There was jubilation over Egypt’s Supreme Administrative Court’s (SAC) January 16 ruling not to transfer sovereignty over Tiran and Sanafir islands to Saudi Arabia.
Khaled Ali, one of the lawyers that filed the initial lawsuit asserting that Prime Minister Sherif Ismail did not have authority to sign the agreement, was carried on the shoulders of those gathered outside the court. In his ruling against the Egyptian State Lawsuits Authority’s appeal of the June 21 ruling, State Council Vice President Ahmed al-Shazly announced, “the Egyptian military was not an occupying force, and the sovereignty of Egypt over Tiran and Sanafir is irrevocable,” a blow to the state’s attempt to circumvent the constitutional mechanisms governing the concession of territory.
However, two weeks after the elation, the legal contest is about to resurface, with the Supreme Constitutional Court scheduled to hold a hearing on February 12 on a state lawsuit contesting the State Council’s original jurisdiction. Questions remain as to the finality of the SAC’s ruling and what role Parliament — to whom the government submitted the proposed deal on December 29, despite ongoing legal proceedings — will play as the case proceeds.
Before the SAC issued its decision on January 16, there were already contradicting opinions as to its significance. In comments to the media, Rafik Sharaf, the lawyer representing the state in proceedings, seemed to downplay the judiciary’s role and already be searching for avenues of contestation in the event that things did not go his way.
“Whatever the SAC’s ruling, it won’t affect Parliament’s role in discussing the treaty and declaring its position on the issue, because the Constitution gives Parliament alone the power to approve or reject international treaties,” Sharaf said.
Inside the courtroom, however, Shazly defended the authority of the State Council. Before issuing the decision, he stated that there is no relationship between the appeal before the SAC and the pending lawsuit filed with the Supreme Court, adding that the SCC would not move against the State Council’s decision to uphold the suspension of the Tiran and Sanafir deal.
A SCC deputy justice spoke to Mada Masr on condition of anonymity, however, stating that the Supreme Court’s commissioners authority is currently preparing a report on the state’s lawsuit and will speak with Ali and the other lawyers who challenged the deal before submitting it to the SCC for a final decision.
This may not be a uniform position held by the justices of the SCC, as former Deputy Justice Ali Awad calls further discussion of the implementation of the demarcation agreement futile, due to the fact that the SAC’s decision is final and there is no grounds for appeal within the State Council.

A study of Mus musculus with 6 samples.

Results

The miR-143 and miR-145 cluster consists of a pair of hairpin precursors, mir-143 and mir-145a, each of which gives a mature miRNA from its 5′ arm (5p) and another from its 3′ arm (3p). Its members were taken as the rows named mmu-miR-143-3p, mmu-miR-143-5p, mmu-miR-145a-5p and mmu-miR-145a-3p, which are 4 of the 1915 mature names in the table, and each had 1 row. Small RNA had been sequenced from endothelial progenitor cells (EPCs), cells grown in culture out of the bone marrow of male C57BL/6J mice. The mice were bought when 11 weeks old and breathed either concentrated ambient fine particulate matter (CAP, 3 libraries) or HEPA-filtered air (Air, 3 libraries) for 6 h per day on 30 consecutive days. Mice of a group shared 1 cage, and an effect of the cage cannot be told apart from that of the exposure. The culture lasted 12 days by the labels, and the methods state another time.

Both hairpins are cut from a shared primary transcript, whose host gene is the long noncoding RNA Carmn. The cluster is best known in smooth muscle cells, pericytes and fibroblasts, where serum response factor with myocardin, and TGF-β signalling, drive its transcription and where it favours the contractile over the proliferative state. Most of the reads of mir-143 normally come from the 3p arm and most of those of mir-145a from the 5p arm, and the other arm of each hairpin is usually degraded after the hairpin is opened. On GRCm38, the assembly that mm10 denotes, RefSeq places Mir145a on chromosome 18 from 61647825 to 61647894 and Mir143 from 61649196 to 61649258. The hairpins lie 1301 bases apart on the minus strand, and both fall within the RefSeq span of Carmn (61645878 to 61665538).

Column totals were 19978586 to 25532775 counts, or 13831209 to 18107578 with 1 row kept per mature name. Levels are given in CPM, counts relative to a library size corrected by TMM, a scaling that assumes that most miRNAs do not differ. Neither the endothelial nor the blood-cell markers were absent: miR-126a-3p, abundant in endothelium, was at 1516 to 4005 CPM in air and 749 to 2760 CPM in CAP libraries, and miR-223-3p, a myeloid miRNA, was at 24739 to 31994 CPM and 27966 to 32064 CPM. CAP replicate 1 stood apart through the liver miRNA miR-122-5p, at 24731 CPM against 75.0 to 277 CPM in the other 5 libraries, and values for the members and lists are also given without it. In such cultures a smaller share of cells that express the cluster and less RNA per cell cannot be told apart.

But the state may try to leverage opinion in the proceedings by pointing to the fact that two courts have issued contradictory rulings on the Court of Administrative Justice’s June decision, according to a source at the Egyptian State Lawsuits Authority.
Parallel to the legal proceedings unfolding in the State Council, Khairy Abdel Fattah, a private citizen, filed a motion before the Court of Urgent Matters to suspend the CAJ’s June decision on the grounds that the State Council has no jurisdiction over acts of sovereignty. After the court ruled in favor of Abdel Fattah on September 29, Ali and the other lawyers filed an appeal against the decision, but the appeal was denied on December 31.
Afify Kamel, a member of Parliament’s constitutional and legislative affairs committee and a professor of constitutional law at the University of Alexandria, contends that the Egyptian State Lawsuit Authority’s reliance on the Court of Urgent Matter’s ruling is “a lazy argument.” The government committed a grave constitutional error, he adds, when its lawyers resorted to the Court of Urgent Matters to suspend the CAJ’s ruling. Nonetheless, Kamel says the September ruling is irrelevant now.
“It is natural that the Court of Urgent Matters’ ruling would be considered a procedural measure that is to be upheld only until a final ruling is issued,” Kamel says. “The Egyptian State Lawsuit Authority is only trying to save face.”
Minutes after the SAC’s ruling, MP Nabil al-Gamal, a member of the constitutional and legislative affairs committee, said that the Tiran and Sanafir agreement had yet to be presented to the committee, but that, when it was, parliamentarians would discuss its constitutionality.
The Alliance to Support Egypt, the majority bloc in Parliament, expressed a similar sentiment in a press statement. “The ruling of the Supreme Administrative Court does not change the fact that Parliament holds constitutional jurisdiction over the ratification of treaties and in deciding whether a treaty is constitutional, or whether to concede Egyptian territory, according to Parliament’s procedural rules,” the statement asserted. “The members of Parliament, who are the representatives of the people, have the authority to make the final decision in this matter.”
The 25-30 Alliance, however, declared its opposition to any action by Parliament in a press release. “The historic decision terminated this agreement, rendering it nonexistent. We demand that all state institutions respect this ruling and the principles of the separation of powers and the rule of law.”